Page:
This article was originally published by Mennonite World Review

Our hymns shape our church

“Out of the fullness of the heart, the language of each mortal springs.
If you would truly know a man, just listen to the songs he sings.”
— Amish hymn writer John Paul Raber, Songs from Within (1991)

The first version of the collection of Anabaptist songs that later became known as the Ausbund was published in 1564, several decades after the beginning of the free church (as opposed to a state church) movement. The Ausbund has gone through various revisions and expansions and is still the standard hymnal used by many conservative Old Order Amish groups in the U.S.

The 51 hymns published in the first edition were written and compiled by a group of Anabaptists in a notorious prison in Passau, believers who were persecuted by the Reformed (Protestant) state church, incarcerated by Swiss authorities and were awaiting torture and/or death. Singing these heartfelt pieces together was a vital part of what kept them encouraged and unyielding under severe pressure to deny their new-found convictions.

Here is an example of one these very earliest hymn texts, “O Herre Gott in deinem Thron,” composed by Michael Schneider, a tailor. It was recently translated and put to verse by Gerald Mast, professor of communications at Bluffton College (Ohio), and is to be sung to the tune of Martin Luther’s “A Mighty Fortress is Our God,” an already popular hymn of Schneider’s time:

O Lord God ruling from your throne,
your laws and statutes gave us
a way to live for you alone
released from selfish blindness.
But now through Jesus Christ
we who have been baptized
know only one command:
to love without demand;
God’s call to gracious service.

Against all strife and tyranny
God’s love for us is given.
This love endures defenselessly,
though death and devil threaten.
Because of Jesus Christ,
our discord harmonized.We fear not any foe;
when love is all we know,
no conflict can dishearten.

Sisters and brothers let us take
the path to joy from sorrow.
The cross of costly friendship make
our past and our tomorrow.
We follow Jesus Christ,
who gave for us his life;
came here with us to dwell,
delivered us from hell,
through fierce and faithful mercy.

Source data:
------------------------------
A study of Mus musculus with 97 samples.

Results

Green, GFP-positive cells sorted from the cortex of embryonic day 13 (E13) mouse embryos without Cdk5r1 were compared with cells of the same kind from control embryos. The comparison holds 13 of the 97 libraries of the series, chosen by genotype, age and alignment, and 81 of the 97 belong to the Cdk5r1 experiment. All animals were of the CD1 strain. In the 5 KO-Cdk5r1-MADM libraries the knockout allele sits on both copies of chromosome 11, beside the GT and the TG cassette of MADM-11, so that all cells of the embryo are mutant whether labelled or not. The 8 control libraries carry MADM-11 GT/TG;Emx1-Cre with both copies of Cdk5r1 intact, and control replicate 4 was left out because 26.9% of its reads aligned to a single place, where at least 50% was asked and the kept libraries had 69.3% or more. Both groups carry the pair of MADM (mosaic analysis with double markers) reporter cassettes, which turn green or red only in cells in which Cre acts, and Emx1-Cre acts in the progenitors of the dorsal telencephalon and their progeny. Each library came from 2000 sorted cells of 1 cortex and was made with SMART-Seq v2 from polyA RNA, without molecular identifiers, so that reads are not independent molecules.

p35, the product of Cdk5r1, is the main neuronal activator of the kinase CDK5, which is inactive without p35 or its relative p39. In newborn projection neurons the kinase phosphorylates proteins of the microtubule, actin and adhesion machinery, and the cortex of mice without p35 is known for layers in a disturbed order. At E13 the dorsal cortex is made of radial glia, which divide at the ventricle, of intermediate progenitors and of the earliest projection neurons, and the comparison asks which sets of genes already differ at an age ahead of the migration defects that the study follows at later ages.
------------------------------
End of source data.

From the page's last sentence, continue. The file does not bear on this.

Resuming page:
This hymn has elements similar to Luther’s well-known “A Mighty Fortress” in its portrayal of the church’s spiritual conflict with evil. However, Luther strongly defended the use of the sword when seen as necessary to combat the enemies of the faith, which to him clearly included Anabaptist advocates for a free church and complete freedom of religion.

I’m especially impressed by how Schneider’s text combines an affirmation of courageous faith with a spirit of unwavering solidarity with fellow believers, and am struck by how different it is in tone and content from many of the hymns, choruses and gospel songs we sing today.

We can note this shift already in 1803, when Lancaster Conference Mennonites published their first collection of German hymns to supplement, and soon replace, the Ausbund. They included far more songs from the Pietist tradition than those by their Anabaptist forbears. The title they gave the new hymnal, “Unpartheyisches Gesangbuch” (or Impartial/Non-Sectarian Song Book) suggests that they were already aligning themselves with a more generic form of Protestantism, marking a shift in focus toward a more personal and inward experience of faith rather than the more communal and discipleship-focused tradition of their forebears.

In another version of a hymnal also called “Eine Unpartheyisches Gesangbuch,” published for use in Amish churches such as the one in which I grew up, there were likewise a majority of hymns borrowed from a variety of other faith traditions.

This is not a bad thing in itself, and could be seen as a sign of openness and ecumenism to be commended. But do we make all of our choices of new hymns deliberately and wisely, and with a realization of how what we sing, even more than the sermons we hear or the authors we read, may form and shape our faith and the faith of our children?

Note, for example, the difference in emphasis in one of the many gospel songs I grew up with and learned to appreciate, like “My Jesus, I love thee,” written around 1862 by William R. Featherstone, a young Methodist who died at age 27, found on page 522 of our current Hymnal, a Worship Book:

My Jesus, I love Thee, I know Thou art mine;
For Thee all the follies of sin I resign;
My gracious Redeemer, my Savior art Thou;
If ever I loved Thee, my Jesus, ’tis now.

I love Thee because Thou hast first loved me,
And purchased my pardon on Calvary’s tree;
I love Thee for wearing the thorns on Thy brow;
If ever I loved Thee, my Jesus, ’tis now.

In mansions of glory and endless delight,
I’ll ever adore Thee in heaven so bright;
I’ll sing with the glittering crown on my brow,
If ever I loved thee, my Jesus ’tis now.

I am certainly not against singing this kind of personal testimony song, as long as we remember that the Jesus of the gospels is about far more than being the object of our devotion because he offers us “mansions of glory and endless delight.” Rather, he is one whose way of life we are to incorporate and demonstrate here on earth, by God’s grace, as fellow members of God’s “colony of heaven.”

I’m eager to see what the editors of our next Mennonite and Brethren hymnal come up with.

Harvey Yoder is an ordained pastor and member of Family of Hope, a small Virginia Mennonite Conference house church congregation. He blogs at Harvspot, where this first appeared.